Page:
AUSTIN, Texas — Camille A. Buffalo, a senior in Virginia Gallegos’ class at William H. Taft High School in San Antonio, won first place for the second consecutive year at the Third Annual Barbara Jordan Historical Essay Competition for her essay titled, “The Buffalo Soldiers: Trailblazers of Texas and the Western Frontier.” Buffalo received $2,500 and a gold commemorative trophy at an awards ceremony Friday (April 17) at The University of Texas at Austin.
“Camille’s essay chronicled the exploits of the 9th and 10th U.S. Calvary and the work of the San Antonio Buffalo Soldiers Association, and was impressive from both the amount of research she conducted as well as the writing ability she displayed,” said Terry Wilson, associate director of UT Austin’s Office of Public Affairs and the organizer of the competition.
San Antonio’s William H. Taft High School also produced the second-place winner, Maile Malanchuck, who is a junior in Dr. Sarah Holden’s class. Maile won $1,500 and received a silver commemorative trophy for her essay titled, “Bessie Coleman: The Skies are not Segregated,” which reconstructs the historic efforts of Bessie Coleman, who earned fame and worldwide recognition for becoming the first African American to receive an international flying license.
Third prize, $1,000 and a bronze commemorative trophy, was awarded to Kristina Bicking, a junior in Kathy Favor’s class at Robert E. Lee High School in Midland, Texas, for her essay titled, “One Last Look,” which explores the integration of the Midland Independent School District.
The Barbara Jordan Historical Essay Competition, sponsored by the Office of the President at UT Austin, is open to all high school students in grades nine through 12 and encourages students to research and write 1,500 to 2,500 word essays related to the theme of the competition, “The African-American in Texas: Past and Present.”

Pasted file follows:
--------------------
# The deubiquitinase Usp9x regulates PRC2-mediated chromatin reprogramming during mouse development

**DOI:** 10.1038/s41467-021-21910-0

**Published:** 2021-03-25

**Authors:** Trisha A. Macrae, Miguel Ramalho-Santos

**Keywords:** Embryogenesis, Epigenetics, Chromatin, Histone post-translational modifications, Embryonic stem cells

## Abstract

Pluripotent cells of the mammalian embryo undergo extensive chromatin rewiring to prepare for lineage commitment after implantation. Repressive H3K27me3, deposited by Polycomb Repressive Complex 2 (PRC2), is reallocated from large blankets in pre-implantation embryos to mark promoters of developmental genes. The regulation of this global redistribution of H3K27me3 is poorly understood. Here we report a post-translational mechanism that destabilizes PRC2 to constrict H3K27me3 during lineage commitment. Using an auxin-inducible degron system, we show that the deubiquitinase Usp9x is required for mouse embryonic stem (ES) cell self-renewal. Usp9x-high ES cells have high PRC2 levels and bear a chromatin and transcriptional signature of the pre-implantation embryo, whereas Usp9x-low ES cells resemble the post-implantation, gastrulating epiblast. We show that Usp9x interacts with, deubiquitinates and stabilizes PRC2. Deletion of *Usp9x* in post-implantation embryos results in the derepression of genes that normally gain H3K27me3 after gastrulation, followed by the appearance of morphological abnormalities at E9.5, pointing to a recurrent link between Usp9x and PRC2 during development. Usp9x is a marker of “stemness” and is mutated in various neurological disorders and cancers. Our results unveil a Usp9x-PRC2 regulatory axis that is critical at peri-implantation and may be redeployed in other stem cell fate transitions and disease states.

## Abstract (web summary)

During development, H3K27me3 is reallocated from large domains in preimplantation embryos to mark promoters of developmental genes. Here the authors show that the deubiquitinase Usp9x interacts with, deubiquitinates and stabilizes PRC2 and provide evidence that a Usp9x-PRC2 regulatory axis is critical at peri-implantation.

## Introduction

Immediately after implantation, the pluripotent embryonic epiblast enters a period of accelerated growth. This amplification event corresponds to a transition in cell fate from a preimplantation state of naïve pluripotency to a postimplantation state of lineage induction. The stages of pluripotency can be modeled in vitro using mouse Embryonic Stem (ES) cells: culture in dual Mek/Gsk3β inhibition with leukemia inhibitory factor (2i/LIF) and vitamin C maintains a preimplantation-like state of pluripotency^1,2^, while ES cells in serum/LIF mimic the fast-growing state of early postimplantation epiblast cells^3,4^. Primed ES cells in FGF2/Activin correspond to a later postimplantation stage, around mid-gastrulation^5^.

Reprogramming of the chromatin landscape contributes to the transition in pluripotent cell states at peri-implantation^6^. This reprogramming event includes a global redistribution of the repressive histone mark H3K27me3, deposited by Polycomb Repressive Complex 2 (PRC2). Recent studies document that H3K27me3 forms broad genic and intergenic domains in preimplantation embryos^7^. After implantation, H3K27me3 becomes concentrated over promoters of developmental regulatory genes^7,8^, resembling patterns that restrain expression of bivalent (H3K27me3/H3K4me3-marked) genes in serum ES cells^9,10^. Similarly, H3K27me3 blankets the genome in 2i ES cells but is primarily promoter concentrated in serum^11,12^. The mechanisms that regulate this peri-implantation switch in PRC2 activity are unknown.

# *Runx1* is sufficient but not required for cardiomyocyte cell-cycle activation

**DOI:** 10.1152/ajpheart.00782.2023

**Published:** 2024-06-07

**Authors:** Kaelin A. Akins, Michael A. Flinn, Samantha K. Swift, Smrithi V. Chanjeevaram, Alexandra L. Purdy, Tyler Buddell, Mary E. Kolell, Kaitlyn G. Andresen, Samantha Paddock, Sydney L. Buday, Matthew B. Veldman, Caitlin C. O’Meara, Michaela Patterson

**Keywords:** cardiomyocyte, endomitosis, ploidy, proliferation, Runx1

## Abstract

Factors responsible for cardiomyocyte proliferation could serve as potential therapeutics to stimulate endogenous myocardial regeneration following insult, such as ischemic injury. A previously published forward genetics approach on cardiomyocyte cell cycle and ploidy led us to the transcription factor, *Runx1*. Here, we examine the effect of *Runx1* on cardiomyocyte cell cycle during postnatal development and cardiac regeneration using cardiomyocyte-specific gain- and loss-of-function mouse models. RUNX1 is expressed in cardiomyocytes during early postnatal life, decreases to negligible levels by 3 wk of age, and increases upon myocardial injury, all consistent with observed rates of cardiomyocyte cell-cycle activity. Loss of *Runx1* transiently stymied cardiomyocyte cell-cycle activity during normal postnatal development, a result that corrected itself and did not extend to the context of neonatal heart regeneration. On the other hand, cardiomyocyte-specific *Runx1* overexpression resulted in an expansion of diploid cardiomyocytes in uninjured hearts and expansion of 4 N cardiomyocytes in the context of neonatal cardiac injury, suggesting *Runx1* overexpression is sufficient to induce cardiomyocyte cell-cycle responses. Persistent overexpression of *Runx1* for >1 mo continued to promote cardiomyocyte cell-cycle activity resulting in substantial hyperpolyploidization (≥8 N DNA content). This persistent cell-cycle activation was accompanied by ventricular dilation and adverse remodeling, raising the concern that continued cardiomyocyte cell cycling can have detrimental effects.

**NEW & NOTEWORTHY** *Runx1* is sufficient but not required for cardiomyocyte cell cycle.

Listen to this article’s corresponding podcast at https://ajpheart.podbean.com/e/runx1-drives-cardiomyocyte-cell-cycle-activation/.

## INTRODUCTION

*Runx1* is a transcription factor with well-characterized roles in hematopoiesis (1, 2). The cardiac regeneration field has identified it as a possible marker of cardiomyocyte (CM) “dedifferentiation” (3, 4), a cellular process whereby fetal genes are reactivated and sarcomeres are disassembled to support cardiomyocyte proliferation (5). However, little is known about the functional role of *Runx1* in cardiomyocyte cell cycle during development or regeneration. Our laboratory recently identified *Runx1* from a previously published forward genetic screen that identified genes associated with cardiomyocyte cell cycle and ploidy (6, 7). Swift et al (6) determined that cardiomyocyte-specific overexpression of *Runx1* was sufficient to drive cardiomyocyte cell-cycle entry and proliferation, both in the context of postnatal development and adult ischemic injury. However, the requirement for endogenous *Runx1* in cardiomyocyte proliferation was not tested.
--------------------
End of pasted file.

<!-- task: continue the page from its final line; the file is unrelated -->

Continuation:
“The University of Texas is especially privileged to sponsor these awards because of our long and very fond association with the late Barbara Jordan. It is appropriate that we honor her memory by encouraging young scholars to explore and interpret the rich history of the African American in Texas. These stories contribute to a more complete understanding of the wide and complex social fabric of our state,” said Larry Faulkner, president of UT Austin.
Buffalo, Malanchuck and Bicking were among 24 high school students representing eight regions throughout Texas who gathered as competition finalists at the University’s Center for American History. Each regional finalist was awarded a medallion bearing the likeness of the late Hon. Barbara Jordan and received certificates acknowledging that their essays are permanently archived at UT Austin’s Center for American History.